THE Italian has been travelling the world with his expertise in mask work – using it, making it – for theatre practitioners.
“It’s fun,” says Simone Tani who started teaching about masks, improvisation and drama in 2010.
“Masks definitely help actors to be more in their body. Body tension is something that makes actors interesting to watch. Would you be more captivated by watching a cat that is still and relaxed or by the same cat that is again still but looking in a precise direction and with every muscle tense and ready to jump? Probably the second, because we know something is going to happen soon.
“I work mainly with two different mask techniques. With Trance Masks, you learn how to use tension in your body instinctively, with Full Masks it is more technical and a trial-and-error approach. “Masks also help you to understand the range of characters you can play, that it is always surprisingly wide.”
Tani became interested in improvisational theatre after watching such a show in Milan, before studying it in Rome. “After few years, I founded I Bugiardini with some very good friends and talented improvisers. They are still running the company and they just won the Sold Out award at Edinburgh Fringe (Festival),” says the 43-year-old.
He said reading Keith Johnstone’s book, “Impro”, especially the second part on masks “shocked me”. “To read how it is possible to become a totally different person, or I should say creature, by wearing a mask, really fascinated me, and I booked the first improvisation Johnstone’s workshop available in Europe which happened to be in London,” he recalls.
Johnstone no longer taught masks, and put Tani in touch with Steve Jarand. Tani has taught at many festivals around the world including the New Zealand Impro Festival and Finland International Impro Festival, both in 2014, and has given mask workshops to theatre groups in Malaysia, Hong Kong, Japan and France.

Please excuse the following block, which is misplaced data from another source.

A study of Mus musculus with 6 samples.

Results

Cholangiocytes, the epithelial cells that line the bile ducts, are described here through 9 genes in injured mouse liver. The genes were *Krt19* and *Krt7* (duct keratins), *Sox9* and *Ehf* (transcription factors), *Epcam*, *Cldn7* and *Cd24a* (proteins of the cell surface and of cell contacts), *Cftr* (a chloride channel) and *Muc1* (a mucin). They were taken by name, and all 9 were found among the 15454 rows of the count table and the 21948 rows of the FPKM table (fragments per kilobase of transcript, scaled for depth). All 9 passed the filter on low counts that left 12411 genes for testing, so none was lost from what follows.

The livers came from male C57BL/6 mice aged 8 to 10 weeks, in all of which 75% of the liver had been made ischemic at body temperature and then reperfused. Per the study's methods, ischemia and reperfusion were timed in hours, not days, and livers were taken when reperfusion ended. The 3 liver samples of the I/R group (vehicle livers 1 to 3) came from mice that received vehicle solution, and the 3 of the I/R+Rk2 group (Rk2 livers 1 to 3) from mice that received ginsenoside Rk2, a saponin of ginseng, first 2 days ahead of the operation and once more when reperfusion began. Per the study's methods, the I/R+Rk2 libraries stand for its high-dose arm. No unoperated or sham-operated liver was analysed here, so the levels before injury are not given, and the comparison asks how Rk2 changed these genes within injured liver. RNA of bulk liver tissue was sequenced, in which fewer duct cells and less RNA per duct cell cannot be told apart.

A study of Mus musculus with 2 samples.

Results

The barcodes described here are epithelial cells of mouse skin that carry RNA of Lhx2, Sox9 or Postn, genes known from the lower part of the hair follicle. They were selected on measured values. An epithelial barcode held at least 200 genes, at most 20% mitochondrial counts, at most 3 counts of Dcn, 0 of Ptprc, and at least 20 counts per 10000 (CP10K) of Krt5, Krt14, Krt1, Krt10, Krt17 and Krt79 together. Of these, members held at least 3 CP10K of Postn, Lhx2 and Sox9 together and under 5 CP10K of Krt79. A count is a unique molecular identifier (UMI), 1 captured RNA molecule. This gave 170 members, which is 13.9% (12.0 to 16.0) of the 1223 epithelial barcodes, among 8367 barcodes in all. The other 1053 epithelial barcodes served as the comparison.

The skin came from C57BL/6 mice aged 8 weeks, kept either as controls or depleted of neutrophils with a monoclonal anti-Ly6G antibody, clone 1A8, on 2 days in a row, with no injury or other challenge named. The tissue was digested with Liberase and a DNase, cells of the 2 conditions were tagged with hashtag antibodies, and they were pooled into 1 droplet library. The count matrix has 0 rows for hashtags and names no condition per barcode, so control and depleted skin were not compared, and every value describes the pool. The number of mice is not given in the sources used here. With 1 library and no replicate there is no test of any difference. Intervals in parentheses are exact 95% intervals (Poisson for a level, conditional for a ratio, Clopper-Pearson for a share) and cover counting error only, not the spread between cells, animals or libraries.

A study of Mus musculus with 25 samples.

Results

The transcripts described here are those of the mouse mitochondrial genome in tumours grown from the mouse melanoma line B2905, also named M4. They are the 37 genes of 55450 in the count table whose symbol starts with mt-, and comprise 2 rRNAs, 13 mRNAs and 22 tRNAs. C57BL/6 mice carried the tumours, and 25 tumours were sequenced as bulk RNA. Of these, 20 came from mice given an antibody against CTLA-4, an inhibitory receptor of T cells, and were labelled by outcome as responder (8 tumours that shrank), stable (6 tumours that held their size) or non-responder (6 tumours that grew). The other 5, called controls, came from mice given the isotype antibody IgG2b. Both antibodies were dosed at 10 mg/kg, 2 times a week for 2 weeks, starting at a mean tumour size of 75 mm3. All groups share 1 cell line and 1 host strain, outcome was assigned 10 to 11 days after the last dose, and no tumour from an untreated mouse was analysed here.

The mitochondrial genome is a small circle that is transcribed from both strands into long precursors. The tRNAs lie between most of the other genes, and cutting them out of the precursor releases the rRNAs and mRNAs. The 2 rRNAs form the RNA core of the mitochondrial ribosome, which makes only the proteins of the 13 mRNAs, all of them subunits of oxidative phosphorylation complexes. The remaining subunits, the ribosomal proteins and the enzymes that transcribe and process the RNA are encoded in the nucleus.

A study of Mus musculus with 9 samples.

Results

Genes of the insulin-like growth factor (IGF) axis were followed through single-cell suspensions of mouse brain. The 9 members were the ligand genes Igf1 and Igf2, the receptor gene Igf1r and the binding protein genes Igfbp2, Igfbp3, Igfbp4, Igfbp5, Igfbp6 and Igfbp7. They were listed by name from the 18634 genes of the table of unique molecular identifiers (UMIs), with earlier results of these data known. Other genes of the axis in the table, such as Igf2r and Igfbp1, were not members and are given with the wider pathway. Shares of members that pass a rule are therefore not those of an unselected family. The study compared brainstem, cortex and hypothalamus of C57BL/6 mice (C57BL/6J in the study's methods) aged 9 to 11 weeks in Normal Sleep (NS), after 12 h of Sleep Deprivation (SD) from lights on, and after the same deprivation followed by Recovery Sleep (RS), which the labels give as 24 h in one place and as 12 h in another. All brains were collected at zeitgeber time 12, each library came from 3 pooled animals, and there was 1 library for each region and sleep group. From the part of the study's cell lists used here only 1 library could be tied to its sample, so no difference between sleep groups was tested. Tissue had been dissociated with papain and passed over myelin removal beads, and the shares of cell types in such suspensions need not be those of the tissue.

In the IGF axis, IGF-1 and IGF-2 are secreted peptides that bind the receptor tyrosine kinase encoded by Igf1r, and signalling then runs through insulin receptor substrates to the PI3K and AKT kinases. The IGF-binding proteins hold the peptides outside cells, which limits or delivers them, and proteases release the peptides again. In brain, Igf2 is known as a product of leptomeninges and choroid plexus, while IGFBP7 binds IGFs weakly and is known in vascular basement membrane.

His best memory with masks was a 15-minute show he did with Daniele Pettinau in Napoli for the AltoFest. Other than all things to do with masks, Tani has co-founded Teatro Pomodoro, with four other international performers, which creates shows that mixes bouffon (jesting), clowning and other styles.
“Bouffon is normally included in the same realm of clowning,” explains Tani, a graduate from the renowned Ecole Philippe Gaulier in Paris, “but it possibly represents the opposite side of the spectrum from clowning. Bouffon is a great theatrical style that allows you to go far in exposing what the mainstream ideas or behaviours are and mock them and destroy them.”
The multi-talented Tani feels the mask workshop will be useful for everyone, not just theatre people. “To surprise yourself and just enjoying playing without inhibitions is liberating and make us more curious about what we can learn and how we can challenge the idea that we can do just a limited set of things.”
Pix by Lukasz Puczko.
Making & Playing With Masks Workshops
(All participants must be 18 years old and above)
Where: Kotak Studio @ Five Arts Centre
When: Jan 11-15, 2017
For details, call +6012 653 0987 or email to firstname.lastname@example.org.